Grisly Secrets Of The Black Museum To Go On Public Display For First Time

James Drury
By James Drury Last edited 32 months ago
Grisly Secrets Of The Black Museum To Go On Public Display For First Time
The Acid Bath Murderer: Objects relating to the murder of Mrs Olive Durand-Deacon by John Haigh, 1949
The Acid Bath Murderer: Objects relating to the murder of Mrs Olive Durand-Deacon by John Haigh, 1949
Counterfeiting and Forgery: Implements used for counterfeiting seized by Metropolitan Police
Counterfeiting and Forgery: Implements used for counterfeiting seized by Metropolitan Police
Death mask of Robert Marley, 1856
Death mask of Robert Marley, 1856
Drinks cans used in drug smuggling, seized by Metropolitan Police
Drinks cans used in drug smuggling, seized by Metropolitan Police
Execution ropes, 19th and 20th Century
Execution ropes, 19th and 20th Century
Masks used by the Stratton Brothers - the first criminals to be convicted in Great Britain for murder based on fingerprint evidence, 1905
Masks used by the Stratton Brothers - the first criminals to be convicted in Great Britain for murder based on fingerprint evidence, 1905
A forensics kit used by detectives attending crime scenes
A forensics kit used by detectives attending crime scenes
Personal possessions of Ronnie Biggs and other members of the Great Train Robbery gang recovered from their hideout at Leatherslade Farm, 1963
Personal possessions of Ronnie Biggs and other members of the Great Train Robbery gang recovered from their hideout at Leatherslade Farm, 1963
Inside the Metropolitan Police's hidden Crime Museum at New Scotland Yard, 2015
Inside the Metropolitan Police's hidden Crime Museum at New Scotland Yard, 2015
Shrapnel from an unexploded Fenian bomb found at Paddington Station 1884
Shrapnel from an unexploded Fenian bomb found at Paddington Station 1884
Talcum powder tin used to conceal microfilm by the Krogers, members of a Russian spy ring, 1961
Talcum powder tin used to conceal microfilm by the Krogers, members of a Russian spy ring, 1961
A briefcase with syringe and posion intended for use by the Krays against a witness at the Old Bailey (never used), 1968
A briefcase with syringe and posion intended for use by the Krays against a witness at the Old Bailey (never used), 1968

All images © Museum of London

Shrapnel from a bomb, masks worn by the first criminals to be prosecuted by fingerprint evidence, and execution ropes will go on public display for the first time.

Previously hidden in the Metropolitan Police Service's Crime Museum — known as the "Black Museum" — around 500 objects will give a fascinating glimpse into the history of policing in London, since officers started the museum in 1875.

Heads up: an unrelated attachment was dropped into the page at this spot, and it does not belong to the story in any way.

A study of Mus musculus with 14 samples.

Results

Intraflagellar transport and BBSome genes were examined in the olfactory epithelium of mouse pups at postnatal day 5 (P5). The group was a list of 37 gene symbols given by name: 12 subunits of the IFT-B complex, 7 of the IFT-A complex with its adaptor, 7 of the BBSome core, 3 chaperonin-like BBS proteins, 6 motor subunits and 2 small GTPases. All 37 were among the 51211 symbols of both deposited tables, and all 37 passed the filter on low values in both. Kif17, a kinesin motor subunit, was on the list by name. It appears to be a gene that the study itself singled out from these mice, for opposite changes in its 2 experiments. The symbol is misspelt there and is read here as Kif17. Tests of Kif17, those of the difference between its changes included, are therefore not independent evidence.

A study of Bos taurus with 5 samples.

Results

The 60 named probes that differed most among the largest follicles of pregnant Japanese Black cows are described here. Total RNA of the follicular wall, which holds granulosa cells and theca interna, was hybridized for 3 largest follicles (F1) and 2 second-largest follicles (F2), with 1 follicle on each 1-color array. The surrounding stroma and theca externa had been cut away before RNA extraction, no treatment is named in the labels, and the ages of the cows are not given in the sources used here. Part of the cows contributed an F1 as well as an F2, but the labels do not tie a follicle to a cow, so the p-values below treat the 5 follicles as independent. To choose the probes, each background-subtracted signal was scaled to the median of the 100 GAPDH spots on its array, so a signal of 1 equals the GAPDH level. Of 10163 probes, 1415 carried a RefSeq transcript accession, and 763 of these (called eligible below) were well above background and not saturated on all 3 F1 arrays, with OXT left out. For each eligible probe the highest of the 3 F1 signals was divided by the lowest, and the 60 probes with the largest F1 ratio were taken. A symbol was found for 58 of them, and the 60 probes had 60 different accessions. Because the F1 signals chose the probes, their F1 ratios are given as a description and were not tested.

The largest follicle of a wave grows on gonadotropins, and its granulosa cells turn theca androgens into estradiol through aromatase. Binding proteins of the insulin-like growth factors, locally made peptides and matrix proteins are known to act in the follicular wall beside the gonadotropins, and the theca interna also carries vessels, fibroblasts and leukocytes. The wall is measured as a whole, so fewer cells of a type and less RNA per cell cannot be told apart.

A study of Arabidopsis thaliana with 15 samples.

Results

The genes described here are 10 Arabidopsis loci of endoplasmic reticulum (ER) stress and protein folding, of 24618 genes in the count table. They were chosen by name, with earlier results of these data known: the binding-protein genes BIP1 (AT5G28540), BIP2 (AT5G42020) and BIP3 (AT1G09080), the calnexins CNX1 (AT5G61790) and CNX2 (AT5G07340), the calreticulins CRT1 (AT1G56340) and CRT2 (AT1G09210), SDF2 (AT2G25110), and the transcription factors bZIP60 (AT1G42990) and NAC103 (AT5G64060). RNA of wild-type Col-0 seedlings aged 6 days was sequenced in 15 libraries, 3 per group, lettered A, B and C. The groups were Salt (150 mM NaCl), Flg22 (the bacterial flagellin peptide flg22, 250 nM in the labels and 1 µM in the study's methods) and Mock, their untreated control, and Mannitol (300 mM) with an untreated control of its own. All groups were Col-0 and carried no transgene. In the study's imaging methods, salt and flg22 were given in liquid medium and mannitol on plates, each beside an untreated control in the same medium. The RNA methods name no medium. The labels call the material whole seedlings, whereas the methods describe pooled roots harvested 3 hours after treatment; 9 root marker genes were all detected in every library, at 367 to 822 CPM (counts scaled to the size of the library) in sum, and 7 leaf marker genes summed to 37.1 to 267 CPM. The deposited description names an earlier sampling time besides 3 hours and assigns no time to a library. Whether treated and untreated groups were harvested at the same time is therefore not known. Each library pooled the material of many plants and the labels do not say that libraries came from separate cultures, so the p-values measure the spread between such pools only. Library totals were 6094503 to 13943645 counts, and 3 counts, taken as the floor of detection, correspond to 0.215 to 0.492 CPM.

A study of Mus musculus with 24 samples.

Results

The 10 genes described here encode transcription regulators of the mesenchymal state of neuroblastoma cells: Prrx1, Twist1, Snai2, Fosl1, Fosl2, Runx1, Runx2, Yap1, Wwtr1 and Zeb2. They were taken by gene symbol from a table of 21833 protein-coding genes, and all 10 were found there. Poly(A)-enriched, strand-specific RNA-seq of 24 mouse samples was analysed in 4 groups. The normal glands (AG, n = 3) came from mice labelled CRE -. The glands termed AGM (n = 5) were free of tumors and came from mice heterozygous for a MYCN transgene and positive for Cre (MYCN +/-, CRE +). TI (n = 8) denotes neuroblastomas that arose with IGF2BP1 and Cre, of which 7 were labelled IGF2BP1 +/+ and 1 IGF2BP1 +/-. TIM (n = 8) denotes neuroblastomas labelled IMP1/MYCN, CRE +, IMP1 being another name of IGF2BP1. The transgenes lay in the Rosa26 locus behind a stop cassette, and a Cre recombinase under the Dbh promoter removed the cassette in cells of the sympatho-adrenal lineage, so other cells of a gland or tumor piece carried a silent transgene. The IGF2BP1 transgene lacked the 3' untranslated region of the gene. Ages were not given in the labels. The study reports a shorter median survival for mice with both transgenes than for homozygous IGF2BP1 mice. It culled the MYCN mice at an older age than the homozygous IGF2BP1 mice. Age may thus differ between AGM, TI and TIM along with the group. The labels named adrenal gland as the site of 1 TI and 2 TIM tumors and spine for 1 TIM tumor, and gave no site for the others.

The Crime Museum is only open to serving police officers and invited guests so the exhibition at the Museum of London will, for the first time, allow the public to see evidence from some of the UK’s most notorious crimes, including the Acid Bath Murderer of 1949, the Great Train Robbery of 1963 and the Millennium Dome Diamond Heist of 2000.

The Museum of London exhibition also aims to dispel some of the myths that have been incorrectly associated with the Crime Museum over the last 140 years. For example, Jack the Ripper’s ‘From Hell’ letter is housed at the National Archives, and not at the Crime Museum. Similarly, the rope used to execute Ruth Ellis — the last woman executed for murder in the United Kingdom — is not part of the collection. Yet the Crime Museum does hold the weapon used to murder her racing driver lover, David Blakely, in 1955.

Aside from police professionals, the Crime Museum’s visitors’ book reveals an eclectic list of high-profile guests over the years. King George V, Sherlock Holmes author Sir Arthur Conan Doyle, illusionist Harry Houdini and comedy double act Stan Laurel and Oliver Hardy have all stepped inside the infamous museum, currently housed within the Metropolitan Police’s HQ, New Scotland Yard.

We'll have to wait until October to join the list of people who've seen these objects, but you can get a glimpse of what'll be on display in the gallery above.

The Crime Museum Uncovered runs from 9 October-10 April. Tickets are £12.50 online; £15 on the door, available from the museum's website.

Last Updated 19 March 2015

bravenewmalden

Wonder if they'll show the lovingly constructed wooden box used by the Richardson gang to electrocute the testicles of their enemies.